I went to library school because I really like helping people find things and connecting people with books is somthing I’ve always enjoyed. I thought I would be traditional academic librarian though during library school I fell in love with taxonomies. (An organized structure that broke down information into separate atomized categories really spoke to me a cellular level.) I have since drifted away from doing regular taxonomy work though I still love the practice and was thus intrigued when my wife and I were listening to a recent Reply All episode where an unusual taxonomy came up.
The hosts tried to debunk the often compelling myth that Facebook is secretly spying on you and they mention how Facebook categorizes users into different groups depending on the data we provide Facebook as well as our activity.
How you find the specific results is a follows: Login to Facebook -> Access Settings -> Ads -> Your Information -> Review and Manage Your Categories.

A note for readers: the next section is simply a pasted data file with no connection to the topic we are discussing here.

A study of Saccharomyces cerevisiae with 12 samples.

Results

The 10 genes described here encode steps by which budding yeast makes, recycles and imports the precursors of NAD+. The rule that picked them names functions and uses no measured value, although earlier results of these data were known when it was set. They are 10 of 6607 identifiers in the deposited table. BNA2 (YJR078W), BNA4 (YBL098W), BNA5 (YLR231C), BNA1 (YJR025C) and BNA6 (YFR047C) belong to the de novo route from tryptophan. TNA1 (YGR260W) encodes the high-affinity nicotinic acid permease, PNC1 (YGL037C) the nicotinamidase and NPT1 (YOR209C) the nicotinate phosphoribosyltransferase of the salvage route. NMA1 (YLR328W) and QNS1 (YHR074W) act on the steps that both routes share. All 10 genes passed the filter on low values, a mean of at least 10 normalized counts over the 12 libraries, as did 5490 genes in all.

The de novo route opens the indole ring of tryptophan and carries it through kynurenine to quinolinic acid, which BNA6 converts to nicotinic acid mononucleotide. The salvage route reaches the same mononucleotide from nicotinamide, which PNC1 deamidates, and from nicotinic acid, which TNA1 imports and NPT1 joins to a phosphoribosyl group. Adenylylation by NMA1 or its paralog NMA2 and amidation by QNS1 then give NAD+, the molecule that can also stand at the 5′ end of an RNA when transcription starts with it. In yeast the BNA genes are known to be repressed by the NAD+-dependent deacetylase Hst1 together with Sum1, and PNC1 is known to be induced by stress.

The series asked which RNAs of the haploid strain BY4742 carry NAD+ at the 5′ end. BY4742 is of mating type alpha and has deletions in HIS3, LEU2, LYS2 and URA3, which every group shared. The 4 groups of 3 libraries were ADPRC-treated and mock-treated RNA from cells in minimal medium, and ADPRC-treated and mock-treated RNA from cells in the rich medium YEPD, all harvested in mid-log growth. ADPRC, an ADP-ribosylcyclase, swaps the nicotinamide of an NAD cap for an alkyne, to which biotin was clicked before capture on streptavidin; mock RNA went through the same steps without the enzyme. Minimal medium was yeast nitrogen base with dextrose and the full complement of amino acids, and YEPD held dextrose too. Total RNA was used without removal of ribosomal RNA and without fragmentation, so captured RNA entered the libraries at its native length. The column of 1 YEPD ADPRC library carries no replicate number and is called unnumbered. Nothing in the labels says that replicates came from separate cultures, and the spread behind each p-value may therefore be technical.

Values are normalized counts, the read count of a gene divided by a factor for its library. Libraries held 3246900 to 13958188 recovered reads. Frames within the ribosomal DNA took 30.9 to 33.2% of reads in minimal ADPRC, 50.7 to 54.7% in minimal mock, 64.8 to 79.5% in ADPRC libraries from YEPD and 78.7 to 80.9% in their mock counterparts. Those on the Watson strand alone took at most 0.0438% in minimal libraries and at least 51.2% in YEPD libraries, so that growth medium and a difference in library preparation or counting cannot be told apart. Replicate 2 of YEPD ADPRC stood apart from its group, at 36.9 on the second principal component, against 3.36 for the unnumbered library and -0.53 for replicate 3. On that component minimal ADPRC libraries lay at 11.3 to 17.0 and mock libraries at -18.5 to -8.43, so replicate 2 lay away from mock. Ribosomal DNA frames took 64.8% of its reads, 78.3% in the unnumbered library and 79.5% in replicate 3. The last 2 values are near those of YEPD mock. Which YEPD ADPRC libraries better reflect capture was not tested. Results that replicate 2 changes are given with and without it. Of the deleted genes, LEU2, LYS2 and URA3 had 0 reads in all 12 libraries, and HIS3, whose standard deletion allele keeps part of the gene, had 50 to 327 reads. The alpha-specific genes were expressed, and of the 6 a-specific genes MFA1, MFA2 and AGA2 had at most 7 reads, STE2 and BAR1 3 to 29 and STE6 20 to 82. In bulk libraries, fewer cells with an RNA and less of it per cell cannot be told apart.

Looking thru my data it is fairly comprehensive in terms of content depth and breadth. There is information on how I access Facebook (device/browser) as well as interest oriented categories that appear to be faceted (Parents - All, Parents - Toddlers). Once you have the categories you can then select them and the types of ads that are aligned with that category. (You can also confirm or not whether this category is not something you’re in fact interested in too. If you don’t confirm you’re interested in a topic the system will remove it from your profile.) The taxonomy appears to be controlled and undergoing changes (one of the terms changed in the past two weeks since I first listened to this podcast and as of this writing).
I found the taxonomy really interesting though it definitely reenforces that Facebook is a Ad platform that happens to host your content. I would recommend everyone access Facebook to check out the categories they’ve been assigned and make sure you’re comfortable with the arrangement. I personally have gotten value from Facebook Ads. I have products that are useful and the big-brotherness is outweighed by the service it provides. I definitely post on Facebook as though it was public as even if you limit the privacy settings to limit the access Facebook still knows and it could affect your ad profile now or in the future.